By now you may have realised that people of Christian Orthodox faith celebrate Easter on a different day to the official Easter holiday in Australia. Orthodox Easter Sunday, also called Pascha, will fall on April the 8th 2018. You might be wondering why this is so; well up until the year 1582, early Christians (both Catholic and Orthodox) used the Julian calendar to calculate Easter Sunday. However, since it was found the Julian calendar did not allow for the astronomical year being shorter than 365.25 days, it was reformed by Pope Gregory XIII. While the west on the whole adopted the new Gregorian calendar, the Orthodox churches still calculate Easter using the old Julian calendar.
Despite the difference in dates, Easter, as in western Christian churches, is the holiest time of year in the Orthodox Church; a time when they commemorate the death and resurrection of Jesus Christ. So the inherent meaning of Easter is the same in both denominations.
There are many customs followed by Orthodox Christians at Easter time. Orthodox Christians fast for the entire 6 weeks prior to Easter Sunday, a time known as Lent. They follow a strict vegan diet free of meat or animal bi-products such as dairy, until midnight on Easter Saturday, when they’re allowed to break their fast. This is the reason why large family meals, often including lamb, are eaten on Easter Sunday in Orthodox countries such as Greece. In countries like the Ukraine, bakers prepare a special Easter bread called Paska that is decorated with crosses and other plant motifs.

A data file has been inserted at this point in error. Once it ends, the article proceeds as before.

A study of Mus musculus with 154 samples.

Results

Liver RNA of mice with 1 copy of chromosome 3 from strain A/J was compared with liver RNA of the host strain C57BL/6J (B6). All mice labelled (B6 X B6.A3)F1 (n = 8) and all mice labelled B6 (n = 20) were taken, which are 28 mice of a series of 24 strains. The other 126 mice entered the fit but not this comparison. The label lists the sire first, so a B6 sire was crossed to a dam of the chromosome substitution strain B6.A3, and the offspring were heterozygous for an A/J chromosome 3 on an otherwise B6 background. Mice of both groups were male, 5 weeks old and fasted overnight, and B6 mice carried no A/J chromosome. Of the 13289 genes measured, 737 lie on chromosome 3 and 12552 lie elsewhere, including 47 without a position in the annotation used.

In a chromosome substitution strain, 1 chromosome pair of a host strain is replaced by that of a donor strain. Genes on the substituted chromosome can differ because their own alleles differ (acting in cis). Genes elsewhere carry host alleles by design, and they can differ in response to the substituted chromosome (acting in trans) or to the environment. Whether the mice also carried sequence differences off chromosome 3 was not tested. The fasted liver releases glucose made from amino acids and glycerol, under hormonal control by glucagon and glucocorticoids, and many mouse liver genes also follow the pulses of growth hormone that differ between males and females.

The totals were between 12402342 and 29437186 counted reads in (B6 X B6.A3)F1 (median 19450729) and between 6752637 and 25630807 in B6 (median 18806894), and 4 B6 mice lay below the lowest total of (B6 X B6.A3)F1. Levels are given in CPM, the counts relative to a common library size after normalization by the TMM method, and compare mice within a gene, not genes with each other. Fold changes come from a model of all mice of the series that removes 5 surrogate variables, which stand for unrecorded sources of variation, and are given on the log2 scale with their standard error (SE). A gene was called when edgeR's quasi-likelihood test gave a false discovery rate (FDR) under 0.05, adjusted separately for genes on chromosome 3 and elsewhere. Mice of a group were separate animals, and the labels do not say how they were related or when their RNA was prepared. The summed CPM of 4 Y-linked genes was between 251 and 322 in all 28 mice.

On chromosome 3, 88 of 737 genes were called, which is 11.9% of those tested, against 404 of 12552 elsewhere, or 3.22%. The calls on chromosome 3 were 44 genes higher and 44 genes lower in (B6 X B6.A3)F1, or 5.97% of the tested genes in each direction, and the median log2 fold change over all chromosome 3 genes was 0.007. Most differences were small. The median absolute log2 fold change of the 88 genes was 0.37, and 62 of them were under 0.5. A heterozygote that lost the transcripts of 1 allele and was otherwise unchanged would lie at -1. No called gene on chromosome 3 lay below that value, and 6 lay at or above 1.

Perhaps one of the best-known images of Orthodox Easter, however, are the brightly painted Easter eggs. In the Orthodox tradition, eggs are a symbol of new life; early Christians used eggs to signify the resurrection of Jesus Christ. Eggs are also coloured red to signify the blood of Christ. When the eggs are handed out and cracked on Easter Sunday – the inside is revealed and this symbolises Christ’s resurrection.